Review: The Only Harmless Great Thing by Brooke Bolander

Books We Love

The Only Harmless Great Thing was published in 2018 by Tor

The Only Harmless Great Thing by Brooke Bolander was a favourite in 2018. It is an alternate history intertwining the true story of the Radium Girls with the equally true story of the electrocution of Topsy the elephant. To these truths, the novellette adds elephant mythology and diplomatic negotiations between what remains of humanity and the emerging sentient elephant race. The rage that propels the former two narratives sometimes results in the overshadowing of the latter two stories; but it is crucial to remember that all of these stories are working together in this book — that rage has a place amongst the other reactions we have when we are witnesses to the destruction of the Earth and all that live in its ecosystems, but it is not the only thing we should feel.

Both rage and hope can be detrimental to developing the kinds of responses to the climate emergency that we need to restructure society (and the kinds of stories we tell ourselves). Certainly, rage can motivate, but it can also turn on itself; hope can push relentlessly toward unrealistic, unachievable goals when good-enough is right in front of us.* Bolander’s novelette is certainly a rage-packed pill that is, at times, tough to swallow; but it is easier if the book’s moments of beauty are not overlooked. The book begins not with the dying Radium Girls, nor even with Topsy the elephant’s plight; it begins with an address to the future.

The book opens with the new inheritors of the Earth: an elephant matriarch addressing her “best beloved mooncalf,” telling a story as if she is tucking a little one into bed. Similarly, the book ends with verse as if the elephant Mother has been telling us the whole story. But the Matriarch’s voice isn’t only relegated to the final word. After the horror of Regan and Topsy making a final decision to end their lives by nuclear explosion in a crowd of onlookers, the elephant Mother resumes the narrative, telling us how Regan and Topsy should be remembered. What we take away from their story, the gift that the elephant Mother gives us, is the idea that sometimes we endure difficult things, sad things, but together we are witnesses for each other. We are not alone in these hardest of times.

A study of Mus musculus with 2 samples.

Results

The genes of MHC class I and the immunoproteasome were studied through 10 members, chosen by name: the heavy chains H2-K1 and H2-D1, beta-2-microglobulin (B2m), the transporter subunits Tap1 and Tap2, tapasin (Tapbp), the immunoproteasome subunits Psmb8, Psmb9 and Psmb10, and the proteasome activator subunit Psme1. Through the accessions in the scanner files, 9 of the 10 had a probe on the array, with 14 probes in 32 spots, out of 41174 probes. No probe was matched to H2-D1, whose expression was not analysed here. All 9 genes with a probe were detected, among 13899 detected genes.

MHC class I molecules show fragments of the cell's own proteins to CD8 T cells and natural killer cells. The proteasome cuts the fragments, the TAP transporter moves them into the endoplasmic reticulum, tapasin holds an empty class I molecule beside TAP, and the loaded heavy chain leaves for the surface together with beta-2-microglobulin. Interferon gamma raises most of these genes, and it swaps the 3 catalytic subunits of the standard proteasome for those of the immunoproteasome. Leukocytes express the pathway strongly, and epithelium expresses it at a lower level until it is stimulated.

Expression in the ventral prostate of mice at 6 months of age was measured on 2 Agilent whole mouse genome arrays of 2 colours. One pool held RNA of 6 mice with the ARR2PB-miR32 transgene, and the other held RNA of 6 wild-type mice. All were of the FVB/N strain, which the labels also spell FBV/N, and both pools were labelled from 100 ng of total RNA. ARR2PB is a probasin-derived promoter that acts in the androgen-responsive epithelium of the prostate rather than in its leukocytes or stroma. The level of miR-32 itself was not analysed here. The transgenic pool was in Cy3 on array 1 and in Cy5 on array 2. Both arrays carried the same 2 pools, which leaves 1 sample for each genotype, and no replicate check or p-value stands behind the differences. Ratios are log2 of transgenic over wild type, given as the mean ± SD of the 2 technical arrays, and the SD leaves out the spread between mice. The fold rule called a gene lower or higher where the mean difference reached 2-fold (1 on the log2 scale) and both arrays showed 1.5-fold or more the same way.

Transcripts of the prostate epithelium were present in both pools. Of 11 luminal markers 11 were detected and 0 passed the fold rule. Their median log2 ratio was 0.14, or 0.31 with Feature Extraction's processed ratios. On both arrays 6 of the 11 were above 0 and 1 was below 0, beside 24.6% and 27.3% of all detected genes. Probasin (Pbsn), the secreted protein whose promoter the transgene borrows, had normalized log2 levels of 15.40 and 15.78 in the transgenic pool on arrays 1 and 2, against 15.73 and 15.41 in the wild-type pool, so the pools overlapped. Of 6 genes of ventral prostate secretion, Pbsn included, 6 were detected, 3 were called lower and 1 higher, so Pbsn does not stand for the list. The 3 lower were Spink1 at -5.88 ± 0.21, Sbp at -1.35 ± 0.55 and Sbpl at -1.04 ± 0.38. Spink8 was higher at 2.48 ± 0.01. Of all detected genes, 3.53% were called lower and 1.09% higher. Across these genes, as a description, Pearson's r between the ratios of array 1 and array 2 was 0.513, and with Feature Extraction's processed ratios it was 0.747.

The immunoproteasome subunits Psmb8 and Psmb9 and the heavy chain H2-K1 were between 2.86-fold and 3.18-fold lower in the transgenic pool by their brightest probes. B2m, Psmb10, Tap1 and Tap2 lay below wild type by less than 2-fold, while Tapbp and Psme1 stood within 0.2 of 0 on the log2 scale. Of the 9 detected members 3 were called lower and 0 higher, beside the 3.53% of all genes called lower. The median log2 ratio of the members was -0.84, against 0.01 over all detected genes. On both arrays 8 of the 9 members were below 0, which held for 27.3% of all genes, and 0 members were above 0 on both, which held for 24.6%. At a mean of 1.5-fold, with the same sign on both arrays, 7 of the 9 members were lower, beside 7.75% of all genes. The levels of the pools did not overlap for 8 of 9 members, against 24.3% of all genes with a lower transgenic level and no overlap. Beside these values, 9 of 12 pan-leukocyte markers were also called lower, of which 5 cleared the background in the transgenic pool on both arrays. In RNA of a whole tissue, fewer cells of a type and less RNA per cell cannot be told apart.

As an alternative history, The Only Harmless Great Thing is a fascinating book about memory and the function of memory to shape the future. Indeed, the elephants — animals known for their ability to remember — relate their memories through the telling of myths. These are myths recounting Topsy’s life and the effect that it had on the elephants who remember, and older myths of the “Fur Mothers” that teach the reader about the structure of the emerging elephant society and its long history on Earth.

Topsy the elephant refusing to cross the bridge to her execution site.

But this is also a book about the long “memory” of nuclear waste, and (more broadly) the long memory of the destruction that Western civilization has heaped on the Earth and the beings that live here with us. Bolander’s narrative contemplates a time when our destruction might not be so obvious, a time when we (and those that come after us) might need to be reminded of the dangers we have created. In this way, she reminds us of the importance of myth and story to the formation of cultures, suggesting a place for this story as we begin our necessary transformations.

*Let it be clear, that when we talk about hope sometimes pushing us toward unrealistic or utopian ideologies, we’re referring to Western lifestyle aspirations (what we might broadly call the North American Dream, what some might call colonization) and the effects of that continual striving. We are not referring to whatever feeling might be necessary in order to sustain an appropriate response to the climate crisis.